Zinc Finger Nucleases for Genome Editing

ZFN Technology Is Being Used to Facilitate the Genetic Engineering of Mammalian Cells

  • Transgenic Animals

    Click Image To Enlarge +
    Figure 2. ZFNs reduce the timeline to create knockout mice by eliminating the need for construction of targeting vectors and gene targeting of embryonic stem (ES) cells. Following ZFN manufacturing, mRNA encoding the ZFN is injected into embryos where they produce NHEJ-derived deletions and insertions that disrupt gene function. The ZFN-induced mutations are frequently incorporated into the germline, reducing the required breeding time and effort to derive homozygous knockout animals.

    In the last 20 years, the availability of knockout mouse technology has established the mouse as the most widely used model system in biomedical research. The key enabling aspect of knockout mouse technology lies in the ease with which mouse embryonic stem (mES) cells can be cultured, genetically modified, cloned, and implanted into blastocysts to derive chimeric animals. 

    In particular, mES cells are relatively amenable to targeted genetic modification using HR and selectable markers while other cell types are not. For instance, large efforts have been mounted to establish a similar knockout rat approach by focusing on the culture of rat ES cells. However, while this effort culminated in the successful isolation of rat ES cells in 2008, gene-targeting techniques have not been developed, underlining the need for alternative genome manipulation techniques.

    In 2009, the first targeted knockout rats were created via microinjection of ZFNs into single-cell embryos, resulting from a collaboration involving Sigma-Aldrich, Sangamo BioSciences, the Medical College of Wisconsin, OMT, and INSERM. The gene knockout process relied on the ability of ZFNs to create high frequency insertions and deletions through the DNA repair process of NHEJ.

    The method for delivering ZFNs as capped poly-tailed mRNA via embryo microinjection and screening of subsequent animals was rapid and efficient, enabling the production of founders in as little as two months post-microinjection by screening less than 100 animals. Independent follow-up efforts have produced IL2Rγ knockout rats.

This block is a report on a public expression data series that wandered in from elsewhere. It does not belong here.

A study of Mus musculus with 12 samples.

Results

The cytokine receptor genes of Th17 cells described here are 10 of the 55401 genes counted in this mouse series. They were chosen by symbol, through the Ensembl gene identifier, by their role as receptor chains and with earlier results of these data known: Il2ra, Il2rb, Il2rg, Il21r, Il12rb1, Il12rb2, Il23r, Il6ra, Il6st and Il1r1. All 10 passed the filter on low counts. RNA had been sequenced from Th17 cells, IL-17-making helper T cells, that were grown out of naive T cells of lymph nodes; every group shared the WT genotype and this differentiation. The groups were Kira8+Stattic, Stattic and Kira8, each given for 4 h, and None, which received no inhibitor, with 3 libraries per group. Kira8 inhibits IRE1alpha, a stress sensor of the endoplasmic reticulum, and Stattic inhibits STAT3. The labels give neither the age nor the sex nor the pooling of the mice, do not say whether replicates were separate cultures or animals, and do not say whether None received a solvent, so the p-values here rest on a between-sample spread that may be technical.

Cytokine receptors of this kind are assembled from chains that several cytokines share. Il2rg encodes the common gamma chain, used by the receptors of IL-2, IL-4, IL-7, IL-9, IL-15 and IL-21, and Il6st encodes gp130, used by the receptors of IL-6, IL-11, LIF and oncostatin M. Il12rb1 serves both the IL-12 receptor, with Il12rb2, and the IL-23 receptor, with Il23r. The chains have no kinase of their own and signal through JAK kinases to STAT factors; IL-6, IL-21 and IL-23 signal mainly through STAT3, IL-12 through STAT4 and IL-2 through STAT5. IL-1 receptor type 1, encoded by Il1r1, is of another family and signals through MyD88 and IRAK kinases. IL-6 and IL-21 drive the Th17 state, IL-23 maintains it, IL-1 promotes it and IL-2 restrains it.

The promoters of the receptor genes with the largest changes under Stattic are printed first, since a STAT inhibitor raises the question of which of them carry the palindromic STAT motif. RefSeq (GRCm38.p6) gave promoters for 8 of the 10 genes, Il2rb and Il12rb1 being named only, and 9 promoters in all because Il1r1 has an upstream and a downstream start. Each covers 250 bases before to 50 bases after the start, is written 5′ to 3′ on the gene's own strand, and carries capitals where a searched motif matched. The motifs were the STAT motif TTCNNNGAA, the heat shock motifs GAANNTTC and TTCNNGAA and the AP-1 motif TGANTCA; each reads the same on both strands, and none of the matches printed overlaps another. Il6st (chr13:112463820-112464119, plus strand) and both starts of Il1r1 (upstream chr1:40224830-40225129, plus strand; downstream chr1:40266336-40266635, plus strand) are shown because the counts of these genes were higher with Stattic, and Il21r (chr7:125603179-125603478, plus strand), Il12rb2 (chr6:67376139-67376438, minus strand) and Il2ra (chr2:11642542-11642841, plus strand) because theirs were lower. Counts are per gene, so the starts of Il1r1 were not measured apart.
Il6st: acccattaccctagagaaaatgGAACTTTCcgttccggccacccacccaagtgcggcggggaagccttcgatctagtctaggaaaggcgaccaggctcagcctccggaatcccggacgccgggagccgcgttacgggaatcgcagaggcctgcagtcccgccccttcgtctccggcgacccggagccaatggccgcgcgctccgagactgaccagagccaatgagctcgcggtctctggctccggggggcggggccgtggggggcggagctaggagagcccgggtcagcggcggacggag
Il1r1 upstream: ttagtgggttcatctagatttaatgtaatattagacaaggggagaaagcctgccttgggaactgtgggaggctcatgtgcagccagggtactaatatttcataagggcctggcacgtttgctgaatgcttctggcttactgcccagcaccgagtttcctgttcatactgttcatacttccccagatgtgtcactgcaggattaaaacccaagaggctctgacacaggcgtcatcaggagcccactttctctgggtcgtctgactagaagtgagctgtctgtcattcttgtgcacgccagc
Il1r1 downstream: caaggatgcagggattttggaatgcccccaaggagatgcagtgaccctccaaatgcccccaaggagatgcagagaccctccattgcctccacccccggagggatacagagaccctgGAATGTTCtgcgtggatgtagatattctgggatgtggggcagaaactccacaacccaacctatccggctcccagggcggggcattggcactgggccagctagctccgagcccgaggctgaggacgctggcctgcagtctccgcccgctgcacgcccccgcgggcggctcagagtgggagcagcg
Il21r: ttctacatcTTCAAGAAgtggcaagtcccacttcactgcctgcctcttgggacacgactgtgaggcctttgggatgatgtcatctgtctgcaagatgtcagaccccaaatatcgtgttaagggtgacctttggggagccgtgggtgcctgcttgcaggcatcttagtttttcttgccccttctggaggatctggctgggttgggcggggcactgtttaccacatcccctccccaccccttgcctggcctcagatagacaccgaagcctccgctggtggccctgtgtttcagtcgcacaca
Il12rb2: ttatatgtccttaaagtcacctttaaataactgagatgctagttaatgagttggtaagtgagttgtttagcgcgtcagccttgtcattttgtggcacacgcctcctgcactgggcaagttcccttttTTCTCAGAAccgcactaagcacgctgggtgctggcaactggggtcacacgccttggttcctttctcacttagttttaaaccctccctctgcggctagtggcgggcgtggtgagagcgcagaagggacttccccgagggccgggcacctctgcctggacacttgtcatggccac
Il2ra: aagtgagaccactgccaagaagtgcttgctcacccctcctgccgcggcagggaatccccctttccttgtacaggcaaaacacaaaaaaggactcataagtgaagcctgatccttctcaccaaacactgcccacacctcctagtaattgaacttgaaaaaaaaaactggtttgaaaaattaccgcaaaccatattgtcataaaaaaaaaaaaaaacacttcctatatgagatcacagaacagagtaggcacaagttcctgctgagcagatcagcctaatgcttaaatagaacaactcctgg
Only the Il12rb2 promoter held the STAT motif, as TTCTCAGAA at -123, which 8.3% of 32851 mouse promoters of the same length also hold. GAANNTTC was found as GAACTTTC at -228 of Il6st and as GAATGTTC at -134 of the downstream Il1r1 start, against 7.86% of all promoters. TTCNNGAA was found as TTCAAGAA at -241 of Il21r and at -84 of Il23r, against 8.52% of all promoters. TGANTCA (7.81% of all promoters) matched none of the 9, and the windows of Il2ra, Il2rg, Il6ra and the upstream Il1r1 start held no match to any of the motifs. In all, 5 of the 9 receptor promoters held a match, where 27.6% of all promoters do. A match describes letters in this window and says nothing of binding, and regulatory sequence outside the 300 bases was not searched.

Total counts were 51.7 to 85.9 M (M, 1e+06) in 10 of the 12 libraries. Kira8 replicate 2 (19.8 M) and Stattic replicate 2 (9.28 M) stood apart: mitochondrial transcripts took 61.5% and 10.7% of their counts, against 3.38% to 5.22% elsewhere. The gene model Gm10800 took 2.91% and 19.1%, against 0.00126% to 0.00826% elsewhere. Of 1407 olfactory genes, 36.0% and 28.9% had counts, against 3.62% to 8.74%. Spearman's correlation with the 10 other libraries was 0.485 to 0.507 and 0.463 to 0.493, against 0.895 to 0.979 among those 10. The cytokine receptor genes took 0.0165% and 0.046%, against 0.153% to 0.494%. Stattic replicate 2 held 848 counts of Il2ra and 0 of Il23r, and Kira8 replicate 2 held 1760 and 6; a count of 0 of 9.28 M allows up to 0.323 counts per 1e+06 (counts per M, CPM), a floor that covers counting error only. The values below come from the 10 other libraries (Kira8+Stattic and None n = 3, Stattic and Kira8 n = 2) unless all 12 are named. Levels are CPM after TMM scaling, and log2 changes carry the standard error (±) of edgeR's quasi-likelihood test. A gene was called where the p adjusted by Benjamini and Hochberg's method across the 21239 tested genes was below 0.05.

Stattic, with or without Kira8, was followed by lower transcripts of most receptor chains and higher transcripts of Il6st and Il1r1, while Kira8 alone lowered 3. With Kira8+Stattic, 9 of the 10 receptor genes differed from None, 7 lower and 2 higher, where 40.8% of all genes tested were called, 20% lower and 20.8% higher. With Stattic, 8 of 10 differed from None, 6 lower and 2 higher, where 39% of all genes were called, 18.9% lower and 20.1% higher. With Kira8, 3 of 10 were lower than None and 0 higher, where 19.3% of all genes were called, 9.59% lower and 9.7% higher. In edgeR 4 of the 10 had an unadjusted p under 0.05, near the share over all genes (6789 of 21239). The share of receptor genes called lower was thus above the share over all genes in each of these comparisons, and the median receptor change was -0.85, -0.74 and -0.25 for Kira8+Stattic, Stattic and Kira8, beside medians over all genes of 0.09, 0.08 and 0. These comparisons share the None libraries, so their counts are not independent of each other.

Most importantly, the method by which the ZFN-derived knockout rat was generated suggests a general solution to targeted gene knockout in other species. ZFN-mediated gene knockout does not require the establishment of ES cell culture for the species of interest, but simply requires that embryo isolation, injection, and implantation protocols be well characterized.

    Many animal species have embryo-manipulation methods robust enough to support the creation of transgenic animals, including mice, rats, rabbits, chickens, sheep, goats, cows, and pigs. The same methods used to create transgenic animals can be used to efficiently deliver ZFNs to embryos and potentially derive knockout animals. Even when ES cell culture is established for a given species, ZFNs offer a faster route to modified animals by manipulating the embryo directly without the need for assembling targeting plasmids required for gene knockout in ES cells (Figure 2).

  • Conclusion

    ZFNs have enabled a robust process to target editing of the genome despite the natural mechanisms developed by mammalian genomes to prevent genome instability. While this article has highlighted two major ZFN applications, point mutagenesis and transgenics, ZFNs have also broken new ground in creating isogenic knockout human cell lines, even in cases of aneuploid karyotypes common in many cancer cells. 

    Additionally, many examples now exist in the literature illustrating the utility of ZFNs to deliver reporter genes to specific locations, reporting the expression of genes with all native transcriptional and translational control elements intact. Together, these various new modes of ZFN-driven mammalian genome editing have changed the questions that scientists can ask and are being rapidly expanded into a host of new cell types and animal models.